The UAE’s Hope orbiter is the Arab world’s first interplanetary spacecraft — and has jump-started science in the country.emirates mars mission
When the United Arab Emirates (UAE) announced in 2014 that it would send a mission to Mars by the country’s 50th birthday in December 2021, it looked like a bet with astronomically tough odds. At the time, the nation had no space agency and no planetary scientists, and had only recently launched its first satellite. The rapidly assembled team of engineers, with an average age of 27, frequently heard the same jibe. “You guys are a bunch of kids. How are you going to reach Mars?” says Sarah Al Amiri, originally a computer engineer and the science lead for the project.
LIVE LAUNCH here: https://www.emiratesmarsmission.ae/live/
Six years on, Al Amiri beamed as she admired the country’s fully assembled Mars orbiter while it underwent tests in February. In the bright, clean room at the Mohammed bin Rashid Space Centre (MBRSC) in Dubai, engineers were testing the car-sized orbiter before shipping it to the Tanegashima Space Center in Japan. It will launch sometime during a three-week window starting on 15 July.
The Emirates Mars Mission (EMM) will be the first interplanetary venture of any Arab nation, but it’s not just a technology demonstrator. Once it arrives at the red planet in February 2021, the orbiter, known as Hope (or Amal in Arabic), will produce the first global map of the Martian atmosphere. And, somewhat unusually for a space mission, the EMM will release its data to the international scientific community without an embargo.
Progressing from Earth-orbiting satellites to a deep-space mission in six years is “incredible”, says Brett Landin, an engineer at the University of Colorado Boulder, who leads the mission’s spacecraft team. The UAE hired the US engineer in an unusual partnership in which the Colorado team provided both mentoring and construction expertise. “I’ve never seen anything like this before,” says Landin.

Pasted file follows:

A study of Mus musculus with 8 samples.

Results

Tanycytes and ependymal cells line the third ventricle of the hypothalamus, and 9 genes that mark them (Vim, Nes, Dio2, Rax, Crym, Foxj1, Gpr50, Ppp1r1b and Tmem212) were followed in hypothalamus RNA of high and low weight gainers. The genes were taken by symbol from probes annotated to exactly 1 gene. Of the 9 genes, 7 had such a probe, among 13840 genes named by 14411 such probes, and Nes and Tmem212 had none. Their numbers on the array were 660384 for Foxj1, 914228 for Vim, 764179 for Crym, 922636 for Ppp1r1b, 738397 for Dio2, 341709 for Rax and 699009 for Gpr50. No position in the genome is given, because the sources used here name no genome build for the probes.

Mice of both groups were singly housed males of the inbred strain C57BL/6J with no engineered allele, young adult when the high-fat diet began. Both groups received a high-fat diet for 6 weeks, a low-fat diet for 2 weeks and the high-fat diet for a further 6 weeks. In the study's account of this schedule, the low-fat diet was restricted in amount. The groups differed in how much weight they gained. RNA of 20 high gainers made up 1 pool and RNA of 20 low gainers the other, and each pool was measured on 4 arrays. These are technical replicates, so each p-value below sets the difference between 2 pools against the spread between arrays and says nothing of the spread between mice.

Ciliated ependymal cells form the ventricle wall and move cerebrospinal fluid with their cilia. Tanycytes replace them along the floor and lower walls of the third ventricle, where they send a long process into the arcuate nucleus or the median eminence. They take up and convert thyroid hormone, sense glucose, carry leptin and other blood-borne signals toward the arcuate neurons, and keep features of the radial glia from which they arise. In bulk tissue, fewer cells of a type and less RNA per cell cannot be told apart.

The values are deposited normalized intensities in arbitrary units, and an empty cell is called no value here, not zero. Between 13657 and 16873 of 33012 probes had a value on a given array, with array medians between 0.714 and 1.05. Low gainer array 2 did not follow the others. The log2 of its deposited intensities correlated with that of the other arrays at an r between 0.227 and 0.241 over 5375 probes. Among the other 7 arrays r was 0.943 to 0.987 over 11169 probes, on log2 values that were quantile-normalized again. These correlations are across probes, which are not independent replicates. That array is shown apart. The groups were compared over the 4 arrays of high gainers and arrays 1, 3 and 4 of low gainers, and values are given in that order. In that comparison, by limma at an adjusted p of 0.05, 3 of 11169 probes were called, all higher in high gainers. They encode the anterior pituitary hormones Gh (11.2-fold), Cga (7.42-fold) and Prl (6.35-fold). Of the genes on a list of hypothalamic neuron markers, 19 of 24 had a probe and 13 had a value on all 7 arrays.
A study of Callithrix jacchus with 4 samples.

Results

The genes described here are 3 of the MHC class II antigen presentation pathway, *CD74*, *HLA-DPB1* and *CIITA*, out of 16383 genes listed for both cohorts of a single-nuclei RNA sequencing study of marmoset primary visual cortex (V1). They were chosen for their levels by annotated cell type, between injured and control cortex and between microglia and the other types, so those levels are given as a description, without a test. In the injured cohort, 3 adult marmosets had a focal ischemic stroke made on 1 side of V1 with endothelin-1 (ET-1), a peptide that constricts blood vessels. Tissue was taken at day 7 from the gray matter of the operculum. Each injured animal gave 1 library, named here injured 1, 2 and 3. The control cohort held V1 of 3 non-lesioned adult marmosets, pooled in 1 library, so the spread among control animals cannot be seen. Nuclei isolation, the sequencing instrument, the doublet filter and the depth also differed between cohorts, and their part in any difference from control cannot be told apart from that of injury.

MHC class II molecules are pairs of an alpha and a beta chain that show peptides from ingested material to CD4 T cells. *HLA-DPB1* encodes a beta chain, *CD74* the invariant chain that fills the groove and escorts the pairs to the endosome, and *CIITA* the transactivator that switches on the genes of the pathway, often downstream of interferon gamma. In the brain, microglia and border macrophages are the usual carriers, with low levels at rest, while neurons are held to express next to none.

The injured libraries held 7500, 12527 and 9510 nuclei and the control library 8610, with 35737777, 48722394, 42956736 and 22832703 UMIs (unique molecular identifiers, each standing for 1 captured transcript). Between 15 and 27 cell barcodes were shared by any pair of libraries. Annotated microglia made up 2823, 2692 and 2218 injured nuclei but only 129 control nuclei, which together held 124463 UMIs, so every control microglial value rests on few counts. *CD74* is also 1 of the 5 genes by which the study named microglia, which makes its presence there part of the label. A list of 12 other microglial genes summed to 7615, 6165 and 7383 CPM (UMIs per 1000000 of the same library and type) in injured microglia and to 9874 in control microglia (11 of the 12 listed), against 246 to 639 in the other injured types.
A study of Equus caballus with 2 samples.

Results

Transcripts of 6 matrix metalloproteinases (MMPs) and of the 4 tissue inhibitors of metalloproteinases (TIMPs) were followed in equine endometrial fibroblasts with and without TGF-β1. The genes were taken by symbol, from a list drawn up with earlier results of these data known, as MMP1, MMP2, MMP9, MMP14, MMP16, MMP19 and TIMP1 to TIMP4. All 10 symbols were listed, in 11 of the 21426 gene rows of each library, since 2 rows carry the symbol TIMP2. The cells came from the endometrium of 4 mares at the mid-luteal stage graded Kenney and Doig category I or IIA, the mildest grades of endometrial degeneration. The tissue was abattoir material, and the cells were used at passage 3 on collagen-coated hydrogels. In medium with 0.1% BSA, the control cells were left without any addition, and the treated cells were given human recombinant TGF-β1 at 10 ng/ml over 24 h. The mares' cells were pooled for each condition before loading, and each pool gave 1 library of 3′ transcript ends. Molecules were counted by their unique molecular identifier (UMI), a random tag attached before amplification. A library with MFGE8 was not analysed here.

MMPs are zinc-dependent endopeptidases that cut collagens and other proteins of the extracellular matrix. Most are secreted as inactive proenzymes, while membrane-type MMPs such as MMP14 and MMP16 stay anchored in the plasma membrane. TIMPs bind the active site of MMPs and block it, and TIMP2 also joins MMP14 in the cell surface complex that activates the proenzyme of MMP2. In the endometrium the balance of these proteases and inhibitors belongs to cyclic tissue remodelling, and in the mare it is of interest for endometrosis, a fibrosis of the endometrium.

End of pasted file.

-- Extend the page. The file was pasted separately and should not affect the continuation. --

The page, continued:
But for Emiratis, space-science goals come second. Faced with economic and environmental challenges, the small, oil-rich Gulf state hopes the Mars project can accelerate its transformation into a knowledge economy — by encouraging research, degree programmes in basic sciences and inspiring the youth across the Arab states. Like major port and road ventures before it, the Mars mission is a mega-project designed to cause “a big shift in the mindset”, says Omran Sharaf, the mission’s project manager. The driver “is not space, it’s economic”, he says.
It is early days, but there are hints that it is working, says Al Amiri, who is also the country’s minister for advanced sciences. She has assembled a team of planetary scientists, who are ‘reprogrammed’ engineers, and the UAE’s top universities have in the past few years opened new degree courses in astronomy, physics and other basic sciences. Women make up 34% of the team (see ‘Women in Emirati science’) and 80% of the mission’s scientists. And the UAE government is now mulling involvement in future Moon missions and considering setting up the country’s first national grant-funding programme.
The UAE has a long way to go. Just a handful of its 100 or so higher-education institutions do research, and Al Amiri estimates that there are perhaps only a few hundred full-time academic researchers. Although the country has many engineers and technicians, “we’ve discovered we have a big shortage of scientists”, says Ahmad Belhoul, minister for higher education and chair of the UAE Space Agency, which was created alongside the Mars mission in 2014.
If they can pull off that economic transformation, it would be a much greater prize than getting data from Mars. Getting to Mars is important, says Al Amiri, but “how we get there is even more important”.